Today I Learned

A Hashrocket project

telemetry handler detaches automatically on error

Telemetry handlers should be designed to run efficiently over and over again without making a noticeable performance impact on your production system. But what happens if an occurs? Your monitoring should have no bearing on the success of your business logic.

So what happens if your monitoring has an error? With telemetry, it’s ok, the offending handler is just detached, never to run again. Business logic unaffected.

Here’s a test that demonstrates the handler being removed.

handlerFn = fn _, _, _, _ ->
  raise "something"
end

:telemetry.attach(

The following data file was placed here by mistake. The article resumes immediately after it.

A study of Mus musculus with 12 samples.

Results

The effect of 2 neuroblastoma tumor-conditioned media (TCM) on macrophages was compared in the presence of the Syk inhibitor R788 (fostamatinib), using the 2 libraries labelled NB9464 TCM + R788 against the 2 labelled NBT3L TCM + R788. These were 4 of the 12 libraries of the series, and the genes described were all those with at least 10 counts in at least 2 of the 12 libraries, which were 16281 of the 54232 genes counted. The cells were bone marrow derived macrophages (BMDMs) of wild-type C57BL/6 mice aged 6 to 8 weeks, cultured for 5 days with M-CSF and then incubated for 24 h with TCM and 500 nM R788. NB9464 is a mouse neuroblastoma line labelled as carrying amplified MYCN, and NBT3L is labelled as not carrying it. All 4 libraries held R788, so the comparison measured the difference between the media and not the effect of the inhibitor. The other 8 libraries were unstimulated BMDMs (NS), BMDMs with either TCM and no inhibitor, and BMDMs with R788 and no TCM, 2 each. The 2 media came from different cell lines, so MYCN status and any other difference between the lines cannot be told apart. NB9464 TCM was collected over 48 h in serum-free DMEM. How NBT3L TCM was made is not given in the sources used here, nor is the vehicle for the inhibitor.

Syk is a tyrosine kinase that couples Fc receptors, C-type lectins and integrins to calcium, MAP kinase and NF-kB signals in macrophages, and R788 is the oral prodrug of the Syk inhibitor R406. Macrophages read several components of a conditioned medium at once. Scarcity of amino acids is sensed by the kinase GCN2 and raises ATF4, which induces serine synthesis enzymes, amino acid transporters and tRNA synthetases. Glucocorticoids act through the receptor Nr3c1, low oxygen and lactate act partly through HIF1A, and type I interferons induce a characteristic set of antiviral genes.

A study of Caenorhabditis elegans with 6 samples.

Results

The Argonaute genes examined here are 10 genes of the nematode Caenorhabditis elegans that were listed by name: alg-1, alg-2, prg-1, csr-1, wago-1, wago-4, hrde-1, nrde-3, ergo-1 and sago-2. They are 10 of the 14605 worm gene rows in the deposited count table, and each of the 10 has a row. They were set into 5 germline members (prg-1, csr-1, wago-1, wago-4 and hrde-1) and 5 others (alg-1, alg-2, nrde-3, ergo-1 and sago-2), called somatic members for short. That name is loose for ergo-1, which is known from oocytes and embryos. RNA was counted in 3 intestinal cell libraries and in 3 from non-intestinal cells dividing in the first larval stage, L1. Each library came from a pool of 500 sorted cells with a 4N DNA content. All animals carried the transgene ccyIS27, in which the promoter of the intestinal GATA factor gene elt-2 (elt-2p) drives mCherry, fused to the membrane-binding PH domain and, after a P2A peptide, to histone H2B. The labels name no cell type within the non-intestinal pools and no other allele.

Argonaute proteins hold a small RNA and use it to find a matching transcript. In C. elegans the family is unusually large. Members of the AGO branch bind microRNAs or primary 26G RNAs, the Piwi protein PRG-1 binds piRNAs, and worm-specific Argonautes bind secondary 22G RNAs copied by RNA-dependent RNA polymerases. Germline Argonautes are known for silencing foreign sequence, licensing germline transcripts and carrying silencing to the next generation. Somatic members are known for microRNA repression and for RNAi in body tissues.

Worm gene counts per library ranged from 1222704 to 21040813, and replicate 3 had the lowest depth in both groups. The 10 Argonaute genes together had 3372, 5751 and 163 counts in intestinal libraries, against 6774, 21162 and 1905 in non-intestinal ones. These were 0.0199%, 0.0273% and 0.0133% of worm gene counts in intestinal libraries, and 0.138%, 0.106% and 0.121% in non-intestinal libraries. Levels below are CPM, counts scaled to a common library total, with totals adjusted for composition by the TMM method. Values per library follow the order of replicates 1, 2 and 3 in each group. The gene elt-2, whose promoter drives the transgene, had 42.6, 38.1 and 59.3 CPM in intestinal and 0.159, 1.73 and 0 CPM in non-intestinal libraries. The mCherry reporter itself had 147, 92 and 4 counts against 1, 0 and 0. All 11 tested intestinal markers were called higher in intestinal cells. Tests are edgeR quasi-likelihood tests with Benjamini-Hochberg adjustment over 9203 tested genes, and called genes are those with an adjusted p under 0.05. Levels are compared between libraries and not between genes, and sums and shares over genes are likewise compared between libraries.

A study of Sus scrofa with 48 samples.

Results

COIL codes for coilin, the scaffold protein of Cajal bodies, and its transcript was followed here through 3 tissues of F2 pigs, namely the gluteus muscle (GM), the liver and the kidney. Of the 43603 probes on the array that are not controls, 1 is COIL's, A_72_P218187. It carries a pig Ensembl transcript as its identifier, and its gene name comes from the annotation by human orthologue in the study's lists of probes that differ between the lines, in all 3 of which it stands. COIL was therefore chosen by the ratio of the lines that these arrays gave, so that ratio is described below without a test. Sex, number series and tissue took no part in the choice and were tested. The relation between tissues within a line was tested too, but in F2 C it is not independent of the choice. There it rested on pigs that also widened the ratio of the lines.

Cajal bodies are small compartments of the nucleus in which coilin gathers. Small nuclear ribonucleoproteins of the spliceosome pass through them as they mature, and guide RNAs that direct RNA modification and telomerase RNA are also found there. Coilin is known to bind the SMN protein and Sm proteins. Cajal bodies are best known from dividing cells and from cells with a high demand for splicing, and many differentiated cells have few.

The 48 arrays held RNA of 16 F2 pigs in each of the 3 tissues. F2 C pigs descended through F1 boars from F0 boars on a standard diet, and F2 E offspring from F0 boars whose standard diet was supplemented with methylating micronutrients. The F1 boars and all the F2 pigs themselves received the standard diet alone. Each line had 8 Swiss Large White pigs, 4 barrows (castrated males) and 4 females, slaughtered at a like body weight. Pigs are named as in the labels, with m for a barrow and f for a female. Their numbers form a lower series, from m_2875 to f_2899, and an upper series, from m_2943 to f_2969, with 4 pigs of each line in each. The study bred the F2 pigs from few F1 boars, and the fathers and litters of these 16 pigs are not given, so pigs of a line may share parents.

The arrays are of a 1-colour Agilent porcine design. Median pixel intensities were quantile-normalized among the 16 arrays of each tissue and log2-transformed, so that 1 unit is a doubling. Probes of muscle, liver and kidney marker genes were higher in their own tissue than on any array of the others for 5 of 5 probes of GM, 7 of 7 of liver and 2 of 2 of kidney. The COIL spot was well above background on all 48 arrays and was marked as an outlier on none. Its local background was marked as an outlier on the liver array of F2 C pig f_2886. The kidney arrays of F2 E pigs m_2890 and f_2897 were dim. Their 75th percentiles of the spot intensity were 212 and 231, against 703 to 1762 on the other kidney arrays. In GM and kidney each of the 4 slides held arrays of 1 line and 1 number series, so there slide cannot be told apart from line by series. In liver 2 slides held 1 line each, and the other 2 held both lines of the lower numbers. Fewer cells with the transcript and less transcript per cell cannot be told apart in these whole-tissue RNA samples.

:bad_handler,
  [:something_happened],
  handlerFn,
  :no_config
)

# the handler is in ets
assert [[[:something_happened]]] =
         :ets.match(:telemetry_handler_table, {:handler, :bad_handler, :"$1", :_, :_})

:telemetry.execute([:something_happened], %{}, %{})

# the handler is gone!
assert [] = :ets.match(:telemetry_handler_table, {:handler, :bad_handler, :"$1", :_, :_})

You can see the try/catch block in the telemetry source code here.

Looking for help? Elixir is quickly gaining momentum for web applications that need concurrency, performance, and the ability to connect to many different clients. The developers at Hashrocket are learning along with the rest of the development community that Elixir and Phoenix are viable Rails alternatives for the right application. Check out the source code for Today I Learned, written in Elixir, and contact us if you need help with your Elixir project.